People gravitate towards principles and ways of thinking that can be used in nearly any situation. Ideals like “always be good” and “patience over rashness” are simple, yet they produce positive results in every situation they’re used. The more ubiquitous a principle is, the more people find it to be true.
I look for these kinds of ubiquitous principles in my every day life. When I see something work well, I dig deep to find the underlying idea behind its success. I am fortunate to have the opportunity to observe a multitude of different types of successes in my daily life, so I feel a responsibility to record what makes them successful.
Let’s start with something whose successes is known to over one billion people: Facebook. The success of Facebook is extremely difficult to characterize and define. There are so many different factors that go into making a web service successful. Multiply that by the number of individual experiences people have had on the website makes it nearly impossible.
That kind of thinking is a distraction. The goal of this exercise is to figure out what commonality exists among the experiences that makes it a success. Certain principles should start to stand out when the experiences are placed under a microscope. Focusing experiences into a single sentence has the same effect as a mission statement: it narrows the scope so the most important pieces shine.
When I boil down my own experiences with Facebook to a single sentence, it’s that Facebook provides an easy way for me to communicate with friends and family. Now that I’m older, I realize how difficult it is to keep in touch with everyone I care about. Having something like Facebook provide that difficult service helps improve my life.
The whole realm of web startups is the next natural topic to dissect. This is even more difficult on the surface than Facebook because there are no two business models exactly the same. Startups are one of the most diverse crowds in business.
This, again, is a counter-productive way of getting to our goal. Rather than focusing on the business model itself, step back and look at the kinds of ideas behind a successful startup. This too is difficult because Lyft and Oculus VR are in completely different ball parks.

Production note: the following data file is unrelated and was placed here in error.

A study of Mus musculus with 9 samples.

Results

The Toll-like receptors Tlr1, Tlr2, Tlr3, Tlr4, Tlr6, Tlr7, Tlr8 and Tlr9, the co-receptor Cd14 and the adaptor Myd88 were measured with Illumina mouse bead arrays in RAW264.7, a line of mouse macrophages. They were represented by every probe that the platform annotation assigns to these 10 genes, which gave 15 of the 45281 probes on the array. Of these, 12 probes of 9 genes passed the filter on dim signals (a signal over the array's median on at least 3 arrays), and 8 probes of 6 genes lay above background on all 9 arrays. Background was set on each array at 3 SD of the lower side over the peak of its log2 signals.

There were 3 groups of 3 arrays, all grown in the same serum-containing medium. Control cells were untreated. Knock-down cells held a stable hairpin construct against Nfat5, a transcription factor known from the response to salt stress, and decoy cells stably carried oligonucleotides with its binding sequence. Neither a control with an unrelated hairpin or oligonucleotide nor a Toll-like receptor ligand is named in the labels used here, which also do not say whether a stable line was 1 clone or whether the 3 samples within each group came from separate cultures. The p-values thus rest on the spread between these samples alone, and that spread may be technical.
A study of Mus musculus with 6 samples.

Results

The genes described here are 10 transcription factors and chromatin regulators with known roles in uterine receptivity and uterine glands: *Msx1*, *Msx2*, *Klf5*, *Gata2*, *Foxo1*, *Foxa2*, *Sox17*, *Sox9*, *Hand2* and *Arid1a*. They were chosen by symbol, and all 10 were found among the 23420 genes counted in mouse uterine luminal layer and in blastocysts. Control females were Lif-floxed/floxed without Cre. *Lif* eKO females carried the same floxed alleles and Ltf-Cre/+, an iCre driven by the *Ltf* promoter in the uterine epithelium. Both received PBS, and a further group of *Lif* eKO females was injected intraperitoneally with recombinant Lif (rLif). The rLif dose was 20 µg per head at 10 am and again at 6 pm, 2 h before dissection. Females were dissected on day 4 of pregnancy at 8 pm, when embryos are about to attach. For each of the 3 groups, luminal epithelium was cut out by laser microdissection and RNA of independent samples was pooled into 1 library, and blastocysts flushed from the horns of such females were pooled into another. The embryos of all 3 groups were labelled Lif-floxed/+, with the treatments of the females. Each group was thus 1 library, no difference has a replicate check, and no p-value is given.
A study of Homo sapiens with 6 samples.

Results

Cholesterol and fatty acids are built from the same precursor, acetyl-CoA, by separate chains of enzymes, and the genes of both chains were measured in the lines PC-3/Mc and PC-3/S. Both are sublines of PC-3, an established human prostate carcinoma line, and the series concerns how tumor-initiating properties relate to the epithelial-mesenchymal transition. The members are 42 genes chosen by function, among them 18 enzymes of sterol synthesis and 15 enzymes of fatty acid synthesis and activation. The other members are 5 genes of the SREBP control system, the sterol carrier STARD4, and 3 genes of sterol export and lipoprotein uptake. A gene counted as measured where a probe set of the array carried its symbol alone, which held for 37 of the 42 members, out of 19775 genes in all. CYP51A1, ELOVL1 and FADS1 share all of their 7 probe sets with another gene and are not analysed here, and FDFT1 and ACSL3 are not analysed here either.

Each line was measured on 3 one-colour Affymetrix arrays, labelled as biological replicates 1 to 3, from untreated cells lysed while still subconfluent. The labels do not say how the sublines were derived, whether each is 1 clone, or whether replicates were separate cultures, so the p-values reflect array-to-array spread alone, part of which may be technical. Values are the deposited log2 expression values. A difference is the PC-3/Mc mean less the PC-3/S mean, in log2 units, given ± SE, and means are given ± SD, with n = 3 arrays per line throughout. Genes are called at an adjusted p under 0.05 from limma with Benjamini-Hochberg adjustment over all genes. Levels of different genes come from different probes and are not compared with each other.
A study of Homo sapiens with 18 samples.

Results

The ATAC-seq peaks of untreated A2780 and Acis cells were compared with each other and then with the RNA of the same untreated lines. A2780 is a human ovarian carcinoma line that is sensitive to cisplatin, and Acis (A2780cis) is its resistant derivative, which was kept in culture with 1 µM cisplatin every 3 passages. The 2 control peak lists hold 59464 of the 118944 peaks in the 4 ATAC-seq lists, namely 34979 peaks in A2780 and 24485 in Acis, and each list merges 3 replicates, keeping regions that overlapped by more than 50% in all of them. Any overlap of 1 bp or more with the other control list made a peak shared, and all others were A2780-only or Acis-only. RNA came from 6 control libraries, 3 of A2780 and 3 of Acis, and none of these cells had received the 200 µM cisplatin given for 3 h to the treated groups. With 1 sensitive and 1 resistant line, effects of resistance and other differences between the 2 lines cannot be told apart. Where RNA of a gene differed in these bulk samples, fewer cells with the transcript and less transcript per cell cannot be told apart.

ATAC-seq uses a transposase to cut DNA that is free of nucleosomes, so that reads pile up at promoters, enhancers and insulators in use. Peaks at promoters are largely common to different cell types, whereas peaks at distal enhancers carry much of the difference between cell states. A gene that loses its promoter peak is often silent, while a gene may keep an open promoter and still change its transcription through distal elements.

This is where the sentence distillation helps to bring out common principles. Lyft exists to provide a car ride, an essential part of the modern workday, to those in need. Oculus VR (now Facebook) wants to shape the face of communication, something that happens every second of every day, by connecting people face to face.
Like GPS, a third point is needed to make sure any conclusions drawn come from a sufficiently diverse set. Let’s look at something that literally happened to me while writing this blog: I heard a critter roaming around the attic of my house.
As a new home owner, the thought of sharing my home with anything other than a human or a dog is extremely painful. Critter control companies have that as a central tenant of their business model. They make money by quickly solving a painful problem that many people have, can’t or don’t want to fix themselves, and are willing to pay a premium for.
That is the common thread that binds all these discrete entities together. The principle behind their success is a function of how painful the problem is along with how frequent the problem is. To put it in Computer Science terms:
Success of Business (problem business solves P) = Pain of P * Frequency of P
If there is a problem that occurs sporadically, it needs to be one that causes a lot of pain for it to be worthwhile for a business to be centered around. If the problem causes little pain, it needs to happen often for an investor to write a check.
This model is intentionally simplistic. It does not take into account which language Facebook chose to use, or the UI/UX tradeoffs of Lyft’s website. These are details specific to the implementation of the formula. The principle behind this remains the same, independent of the implementation.
There are more things that go into a successful startup than just finding a painful problem that a lot of people have. Passion, creativity, and luck all play a part. But success comes much easier when it is centered around a solid foundation. By making sure that the problem the company seeks to solve fits in the formula, the road to success is very clear.
The post What Makes a Startup Great: Facebook, Lyft, Oculus VR appeared first on Zach Gardner's Blog.